Penn Station is horrifically confusing for those new to it and even for those who only go through it a few of times a year. Nothing is where it should logically be; there's almost no line-of-site so you can't find things without walking in circles.
This is the only major train station in the world I've visited where you can't actually see the trains and platforms. And trains never stop on regular platforms, so every single passenger is forced to stand in a giant crowd in a heavily trafficked thoroughfare and gape at an arrivals sign. And once the train is announced, typically 5 minutes before it leaves, an entire train's worth of people are forced to squeeze through doors and down stairwells 1.5-people wide. That's insanity.
An efficient train station is one where
1. even people who have never used it before can figure out where they're going (through standardization of signage and a regular, predictable layout);
2. they can actually see where they need to go;
3. passengers can arrive and board a train more than five minutes before the departure time.
Penn Station may shift 750,000 people each day, but that feat's not done through any kind of efficient design. It's done through the sheer will and desperation of the poor bastards unfortunate enough to have to travel through it.
By hershmire on There Was New York
@My Number Is My Address No, no, no, New York sucks now because we're all not trying hard enough!
I kept hoping that this might be a parody. Was she really expecting to run into Jackson Pollock at the Soho Apple Store? Why was no one willing to tell her that her "observations" were cliches 20 years ago?
I had heard that Lovecraft's racism was more evident in his personal correspondence, but I have to admit that the example given disturbed me.
As mentioned elsewhere, Lovecraft's racism extended virtually to anything not-english. French/Quebecois, Portuguese, Polynesian, Irish, Polish.. Perhaps this was camouflage, but to this extreme it seems more like an acute xenophobia. Don't forget though, that his underlying thread of degeneration included WASP characters like the Salemnites, Pickman, Ward, Keziah Mason.
His whole life was touched by the specter of mental illness. Father at an early age, mother, and his own nervous breakdown. I always saw a man terrified of his surroundings that was trying to put meaning to why he was so afraid of anything different and worried about his own likely descent into madness.
I know that some people consider the mental illness argument a cop-out, but given the over-whelming fascination his work carried for madness and degeneration it seems likely to have been a significant factor
Maybe "Inherent Vice"?
@Noah Berlatsky@facebook Okay, it's been a while since I read TCOC, but honestly I don't remember THAT much of the story being devoted to the dentists. And more importantly, its basic concept is not dentist-dependent. If you rewrote the story changing all the dentists to generic healthcare professionals, you'd still have the same basic plot and theme. Whereas if you removed the cosmic aspects and just let the story focus on a cult of evil dentists, you'd have a completely different, and far less interesting, story. That's why I consider the "dentistry" to be just a secondary element of TCOC.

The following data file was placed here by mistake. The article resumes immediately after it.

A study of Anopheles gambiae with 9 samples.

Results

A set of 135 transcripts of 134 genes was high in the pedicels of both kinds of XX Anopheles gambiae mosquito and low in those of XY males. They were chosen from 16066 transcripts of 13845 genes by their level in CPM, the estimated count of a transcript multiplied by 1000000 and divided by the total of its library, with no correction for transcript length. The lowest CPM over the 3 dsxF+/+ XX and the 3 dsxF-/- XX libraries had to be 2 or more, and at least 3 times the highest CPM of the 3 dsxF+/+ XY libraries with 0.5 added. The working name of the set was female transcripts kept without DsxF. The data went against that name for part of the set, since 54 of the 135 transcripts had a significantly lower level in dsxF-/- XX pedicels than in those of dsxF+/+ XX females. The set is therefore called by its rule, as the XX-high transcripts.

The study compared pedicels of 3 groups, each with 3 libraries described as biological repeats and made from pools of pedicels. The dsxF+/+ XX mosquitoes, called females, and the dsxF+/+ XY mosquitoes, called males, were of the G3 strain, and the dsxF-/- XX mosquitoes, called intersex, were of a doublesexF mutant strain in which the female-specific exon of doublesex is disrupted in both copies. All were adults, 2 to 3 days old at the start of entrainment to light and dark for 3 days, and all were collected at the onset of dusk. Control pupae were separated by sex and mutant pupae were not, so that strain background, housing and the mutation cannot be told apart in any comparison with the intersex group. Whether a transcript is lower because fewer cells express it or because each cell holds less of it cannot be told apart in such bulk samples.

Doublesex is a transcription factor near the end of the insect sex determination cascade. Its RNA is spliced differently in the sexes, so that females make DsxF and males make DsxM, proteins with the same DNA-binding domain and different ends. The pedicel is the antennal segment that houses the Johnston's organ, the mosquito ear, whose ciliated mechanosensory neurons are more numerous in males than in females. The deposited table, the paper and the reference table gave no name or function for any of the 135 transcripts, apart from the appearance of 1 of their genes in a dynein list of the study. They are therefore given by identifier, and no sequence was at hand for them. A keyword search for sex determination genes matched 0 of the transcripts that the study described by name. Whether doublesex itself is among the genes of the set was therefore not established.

@Noah Berlatsky@facebook There is certainly racism IN "Call of Cthulhu." But the central story point is that the universe contains creatures like Cthulhu who could kill us all with ease if they bothered to think about us at all. The fact that scary non-white people worship Cthulhu is just window-dressing, not the point of the story. If Lovecraft had hated dentists, there would have been a few lines about dentists worshipping Cthulhu. That wouldn't have made it a story about dentistry.
@John Herrman That context isn't 100% clear. When the thrust of the--admittedly insane--column is that bicyclists need to be reigned in so as to stop hurting people, defensiveness comes off too easily as implying, no, there's no problem with me hurting people. Especially when you frame it comparatively to the dangers posed by cars; it comes off like saying it's fine if I punch people because at least I'm not shooting them.
The other commenters' insistence on explaining all the many stupid things pedestrians do that get them hurt (and, very rarely, killed) seemed even more like a total abnegation of responsibility. "If the pedestrians weren't so stupid, we wouldn't hit them," edges pretty close to, "It's okay if we hit pedestrians so long as they are acting stupid."
I get now that the basic problem with the piece was the dim presumption of a telepathic understanding of the bicyclist, but it really isn't terribly sympathetic to--indeed basically ignores--the fact that many people are afraid of being hit by a bicycle.
By TheRtHonPM on Man Struck By Bike
@John Herrman But the way your piece comes across is this: because these external factors exist, bikers don't need to accept criticism of their actions.
By sharilyn on Man Struck By Bike
Look, pedestrians ALWAYS have the right of way. We (cyclists AND motorists) ought not to be traveling so fast that we can't adjust for unpredictability within city limits.
That said, NYC pedestrians are extra annoying and unpredictable. Please, please, put your phone away, be minimally aware of your surroundings, and get out of the bike lane.
Also monsters: every cyclist riding the wrong way in the bike lane without lights/helmet who expects ME to make room for THEM. And cars double parked in the bike lane - YOU'RE RUINING IT FOR EVERYONE.